This past Friday, I participated in La Granada Elementary’s Career Day festivities alongside fifteen other working professionals. There was a pilot, a judge, a pediatrician, a counselor, a firefighter, an entrepreneur. We spoke to children – grades 1st through 5th – about our career paths, educational backgrounds, critical workplace challenges, among other topics.

I cannot express how meaningful it was to speak with the keepers of our future. What’s more, is that these future members of our workforce will likely encounter a workplace landscape unlike any we’ve witnessed to date.

Mercer anticipates 65% of current primary school children will be in jobs that don’t exist today.

The World Economic Forum conducted research that found current leading companies believe skills like complex problem-solving and creativity will be most valued as companies’ human capital needs shift and evolve.

What are the implications?

For education, we need to revisit how our educational institutions are set up, and consider a structure that invites opportunities for students to build these skills. Does this require a complete overhaul? Not necessarily. But it does require the foresight to incorporate adaptability that aligns with the dynamic nature of today’s and future workplace. This Huffpost article investigates this idea in greater detail.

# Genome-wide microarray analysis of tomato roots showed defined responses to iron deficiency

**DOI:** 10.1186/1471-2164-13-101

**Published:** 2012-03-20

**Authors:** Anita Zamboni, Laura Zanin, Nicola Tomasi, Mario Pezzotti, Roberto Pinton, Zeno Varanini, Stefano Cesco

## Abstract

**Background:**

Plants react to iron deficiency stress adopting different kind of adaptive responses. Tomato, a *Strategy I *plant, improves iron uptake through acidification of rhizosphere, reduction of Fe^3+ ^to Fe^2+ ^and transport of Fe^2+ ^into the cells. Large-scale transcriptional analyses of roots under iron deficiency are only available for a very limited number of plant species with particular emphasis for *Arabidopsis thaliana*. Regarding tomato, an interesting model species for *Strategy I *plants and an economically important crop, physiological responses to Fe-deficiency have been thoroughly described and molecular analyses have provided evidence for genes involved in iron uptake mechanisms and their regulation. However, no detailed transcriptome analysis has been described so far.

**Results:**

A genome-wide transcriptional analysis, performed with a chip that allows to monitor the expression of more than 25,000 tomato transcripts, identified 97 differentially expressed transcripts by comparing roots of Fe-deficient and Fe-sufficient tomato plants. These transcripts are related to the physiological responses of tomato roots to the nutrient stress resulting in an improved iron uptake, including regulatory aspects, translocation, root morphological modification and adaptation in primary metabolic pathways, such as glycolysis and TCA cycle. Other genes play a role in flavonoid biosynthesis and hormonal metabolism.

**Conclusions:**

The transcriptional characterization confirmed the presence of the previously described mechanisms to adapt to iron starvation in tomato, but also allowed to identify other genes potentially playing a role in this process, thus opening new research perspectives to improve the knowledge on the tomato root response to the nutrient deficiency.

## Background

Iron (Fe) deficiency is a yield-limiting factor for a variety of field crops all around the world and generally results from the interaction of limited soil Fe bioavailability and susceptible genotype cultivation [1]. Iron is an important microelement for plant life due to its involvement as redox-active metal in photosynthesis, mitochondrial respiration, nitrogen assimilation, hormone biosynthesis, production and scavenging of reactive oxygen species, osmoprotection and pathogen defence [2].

For the current workplace, we need to begin to shift our expectations for our workforce and what they might bring to a job. For mid-level employees and above especially, it’s unlikely they will have the “experience” we have based our hiring processes on in recent memory – simply because many newly created jobs have not existed before.

Take a Social Media Director, for example: a very small percentage of the workforce has upwards of 10 years of direct social media experience, as social media has hardly been a primary medium for communication for that long.

This requires a mindset adaptation in how we source and screen for employees. Now, more than ever, it’s crucial we consider the whole human – an individual’s natural behaviors, skills, habits, and experiences – when evaluating candidacy. Potential for success will outweigh past performance.

How do we measure candidates for potential? An HBR explores this idea here.

Exposing our youth to the professional world will always be important. In fact, I’d argue it should be a requirement that working professionals visit a classroom each year to share their work experiences. There are, however, modifications that should be made – to educational curriculums as well as current hiring practices – especially as we move towards a business environment that has heretofore never existed.